Higher grocery prices are reshaping the American shopper. With a smaller budget due to inflation, Americans are learning to buy less, change brands and switch stores. This is in order to get the most out of their shrinking purchasing power.

RELATED: Food Prices Increase for Third Consecutive Month During Pandemic

Americans Implementing Shopping Strategies Due To Higher Grocery Prices

Doubting African-American person in denim jacket looks at sales paper receipt | Grocery Prices

In November, grocery prices were 6.4% higher compared to year-ago levels. This is the fastest inflation rate for food prices in over a decade.

As a result, shoppers are resorting to various tricks to manage their budgets. Families are now starting to reduce the number of items they buy during a trip to the grocery store.

They’re also trading down to less-expensive brands. Often, shoppers look at grocer’s private label brands.

Additionally, some shoppers ditch their more expensive supermarkets in favor of discount stores. Many shoppers are also reducing their trips to the store. 

How high are grocery prices nowadays? Ground beef prices rose nearly a percent in November compared to the previous month. A year before, ground beef prices were 13.9% cheaper.

Meanwhile, milk prices increased by 0.9% in November and 4.5% for the year. As a result, many families are also stocking up on less expensive and longer-lasting food items.

These include beans, wheat, flour, and other shelf-stable food. For now, families will utilize their stockpiles as they endure the country’s highest rate of inflation in 40 years.

Americans Switching To Cheaper Brand Food Items

Buying cheaper food is fast becoming commonplace due to higher grocery prices. A September Numerator survey studied the shopping sentiments of more than 14,000 respondents.

20% said they will switch to cheaper items if grocery prices continue to rise. 17% will switch retailers while 10% said they will buy less frequently. Only 11% of shoppers said that they will not change their buying patterns. 

As grocery prices continue to rise, retailers are also feeling the pinch. 78% of the top 100 food categories reported declines in their sales. The decline happened during the four weeks ending November 28. 

Higher prices do tend to lead to declines in sales volume, as the number of actual products sold decreases.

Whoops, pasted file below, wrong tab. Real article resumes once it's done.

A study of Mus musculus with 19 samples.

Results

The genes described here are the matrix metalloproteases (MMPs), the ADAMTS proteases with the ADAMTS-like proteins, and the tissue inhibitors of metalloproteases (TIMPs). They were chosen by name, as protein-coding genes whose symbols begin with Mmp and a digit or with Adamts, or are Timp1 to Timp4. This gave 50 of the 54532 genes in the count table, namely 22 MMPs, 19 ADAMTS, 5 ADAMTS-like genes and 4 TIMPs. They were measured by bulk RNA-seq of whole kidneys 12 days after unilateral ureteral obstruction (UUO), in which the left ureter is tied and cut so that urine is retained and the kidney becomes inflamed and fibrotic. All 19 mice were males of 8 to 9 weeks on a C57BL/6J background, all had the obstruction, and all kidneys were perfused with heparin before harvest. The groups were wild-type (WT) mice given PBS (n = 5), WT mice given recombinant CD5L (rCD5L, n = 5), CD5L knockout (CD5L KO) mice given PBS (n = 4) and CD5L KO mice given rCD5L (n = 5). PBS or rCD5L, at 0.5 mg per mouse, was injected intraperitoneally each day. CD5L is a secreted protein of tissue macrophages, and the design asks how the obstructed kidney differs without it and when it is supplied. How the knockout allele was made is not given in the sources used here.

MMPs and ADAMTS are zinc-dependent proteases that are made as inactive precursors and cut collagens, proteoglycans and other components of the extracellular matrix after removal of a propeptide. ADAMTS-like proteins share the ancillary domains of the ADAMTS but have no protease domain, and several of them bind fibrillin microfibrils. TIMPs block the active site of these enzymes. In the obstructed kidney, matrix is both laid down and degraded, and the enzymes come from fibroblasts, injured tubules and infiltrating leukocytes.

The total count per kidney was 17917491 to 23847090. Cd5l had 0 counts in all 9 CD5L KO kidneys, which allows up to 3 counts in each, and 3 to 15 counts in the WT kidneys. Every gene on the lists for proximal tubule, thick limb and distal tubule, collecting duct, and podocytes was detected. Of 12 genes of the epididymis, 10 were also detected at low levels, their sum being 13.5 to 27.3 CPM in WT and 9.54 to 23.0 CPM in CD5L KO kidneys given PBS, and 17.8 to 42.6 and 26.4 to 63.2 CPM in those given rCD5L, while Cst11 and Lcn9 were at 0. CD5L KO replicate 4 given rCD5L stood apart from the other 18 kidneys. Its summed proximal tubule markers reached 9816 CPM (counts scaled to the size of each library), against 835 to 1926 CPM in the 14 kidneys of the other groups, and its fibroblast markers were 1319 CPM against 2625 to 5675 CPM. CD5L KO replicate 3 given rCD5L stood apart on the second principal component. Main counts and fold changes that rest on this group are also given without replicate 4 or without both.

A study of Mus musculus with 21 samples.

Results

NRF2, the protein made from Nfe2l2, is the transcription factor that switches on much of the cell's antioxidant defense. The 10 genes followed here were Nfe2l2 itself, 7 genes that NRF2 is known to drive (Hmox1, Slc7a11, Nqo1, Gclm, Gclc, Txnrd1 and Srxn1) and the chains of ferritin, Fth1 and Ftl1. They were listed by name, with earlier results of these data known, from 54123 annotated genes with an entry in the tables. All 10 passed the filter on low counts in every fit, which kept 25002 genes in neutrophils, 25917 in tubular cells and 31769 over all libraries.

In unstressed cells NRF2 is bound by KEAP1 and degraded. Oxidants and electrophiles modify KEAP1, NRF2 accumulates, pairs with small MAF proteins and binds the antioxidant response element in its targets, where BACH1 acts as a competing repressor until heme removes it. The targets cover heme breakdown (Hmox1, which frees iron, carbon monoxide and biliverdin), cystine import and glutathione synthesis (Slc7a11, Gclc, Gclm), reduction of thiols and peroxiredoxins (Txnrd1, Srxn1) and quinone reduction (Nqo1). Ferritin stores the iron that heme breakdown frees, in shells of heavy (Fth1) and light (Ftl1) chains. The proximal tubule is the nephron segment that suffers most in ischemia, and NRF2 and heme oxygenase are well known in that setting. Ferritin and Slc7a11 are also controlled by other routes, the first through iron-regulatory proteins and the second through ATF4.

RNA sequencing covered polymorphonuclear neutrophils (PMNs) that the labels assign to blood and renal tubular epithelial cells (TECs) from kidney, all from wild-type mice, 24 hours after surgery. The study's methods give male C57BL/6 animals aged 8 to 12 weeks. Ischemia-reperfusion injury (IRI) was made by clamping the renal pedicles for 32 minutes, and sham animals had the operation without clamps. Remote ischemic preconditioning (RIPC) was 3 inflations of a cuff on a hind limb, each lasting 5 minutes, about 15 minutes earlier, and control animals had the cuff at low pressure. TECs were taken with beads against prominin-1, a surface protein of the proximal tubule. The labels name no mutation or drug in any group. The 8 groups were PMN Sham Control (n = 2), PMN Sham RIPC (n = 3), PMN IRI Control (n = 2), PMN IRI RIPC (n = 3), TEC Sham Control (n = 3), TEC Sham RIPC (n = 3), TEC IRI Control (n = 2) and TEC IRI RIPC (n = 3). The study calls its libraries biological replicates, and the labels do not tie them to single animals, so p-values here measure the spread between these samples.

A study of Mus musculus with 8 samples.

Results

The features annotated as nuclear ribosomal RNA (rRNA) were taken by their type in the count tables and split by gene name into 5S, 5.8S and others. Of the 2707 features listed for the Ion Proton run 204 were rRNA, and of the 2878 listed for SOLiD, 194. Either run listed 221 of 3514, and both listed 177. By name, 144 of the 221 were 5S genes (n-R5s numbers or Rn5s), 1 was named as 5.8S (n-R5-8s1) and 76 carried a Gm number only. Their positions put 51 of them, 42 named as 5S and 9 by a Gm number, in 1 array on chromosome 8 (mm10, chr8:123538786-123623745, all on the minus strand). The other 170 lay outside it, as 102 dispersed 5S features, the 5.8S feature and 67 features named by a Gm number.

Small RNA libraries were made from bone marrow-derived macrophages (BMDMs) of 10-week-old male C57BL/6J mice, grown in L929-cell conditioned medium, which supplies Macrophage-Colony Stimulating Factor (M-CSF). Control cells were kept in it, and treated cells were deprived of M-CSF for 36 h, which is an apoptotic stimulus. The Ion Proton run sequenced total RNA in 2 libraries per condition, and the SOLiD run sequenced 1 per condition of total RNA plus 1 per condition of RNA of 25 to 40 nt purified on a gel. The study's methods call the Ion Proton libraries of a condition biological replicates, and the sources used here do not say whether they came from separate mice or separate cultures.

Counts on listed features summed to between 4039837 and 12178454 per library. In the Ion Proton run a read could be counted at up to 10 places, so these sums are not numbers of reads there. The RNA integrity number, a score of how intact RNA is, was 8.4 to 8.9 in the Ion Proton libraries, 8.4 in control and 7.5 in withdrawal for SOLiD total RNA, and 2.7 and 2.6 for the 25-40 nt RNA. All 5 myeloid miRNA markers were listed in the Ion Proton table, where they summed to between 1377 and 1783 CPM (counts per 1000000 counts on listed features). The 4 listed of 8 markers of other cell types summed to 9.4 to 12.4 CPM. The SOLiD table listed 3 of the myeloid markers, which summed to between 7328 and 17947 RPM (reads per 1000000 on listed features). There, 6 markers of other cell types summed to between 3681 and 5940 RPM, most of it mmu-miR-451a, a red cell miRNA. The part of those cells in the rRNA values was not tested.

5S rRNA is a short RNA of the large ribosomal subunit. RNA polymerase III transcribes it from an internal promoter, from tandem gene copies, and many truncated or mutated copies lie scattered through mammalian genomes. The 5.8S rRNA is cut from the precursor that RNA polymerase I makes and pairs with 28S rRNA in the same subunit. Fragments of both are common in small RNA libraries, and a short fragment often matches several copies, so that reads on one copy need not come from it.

Among the food items, breakfast meats, milk, eggs, cereal, ice cream, fresh bread, seafood, and wine reported the biggest losses in sales volume. 

Buyer Patterns Changing Due to Higher Prices

During the pandemic, the majority of American families received boosts in their incomes. Many companies implemented wage increases.

In addition, the federal government introduced a number of pandemic benefits that include stimulus checks, enhanced unemployment assistance, and expanded tax credits.

However, as grocery prices continue to rise, experts find a change in buying patterns.  

Sprouts Farmers Market CEO Jack Sinclair was one of those who noticed the changes. He said he saw resistance from customers on the prices of premium meat cuts. “We’ve seen some trading down” on proteins, he said. 

Americans Switching to Discount Stores

Before, customers responded to higher grocery prices by buying less frequently while stocking up more. Now, more customers are switching stores and patronizing discount grocers.

These include Walmart, Dollar General, Dollar Tree, Costco, Grocery Outlet, and BJ’s Wholesale Club. 

More and more Americans are now trooping to save on costs in order to manage their shrinking budgets. According to Costco CFO Richard Galanti, this level of inflation “helps us a little because of the value proposition that we have.” 

As customers begin feeling the effects of inflation, they will begin looking for value in their purchases. Dollar Tree CEO Michael Witynski said that outlets like Dollar Tree are ready to receive them. 

Watch the CNBC news video reporting “Why Food Is Getting More Expensive In The US”

Did you change your buying habits due to higher grocery prices?


Let us know what you think. Share your experiences in the comments section below.


    We have to shop a lot less frequently due to the higher costs – we are retired and don’t get raises like working folks do – you can’t meet your daily/monthly financial responsibilities like rent, heat/ac, electric bills, food, medical needs, etc., let alone clothing, gas, and don’t even mention taking vacations or just have some kind of entertainment for enjoyment. There is no enjoyment anymore…just bills, bills, bills!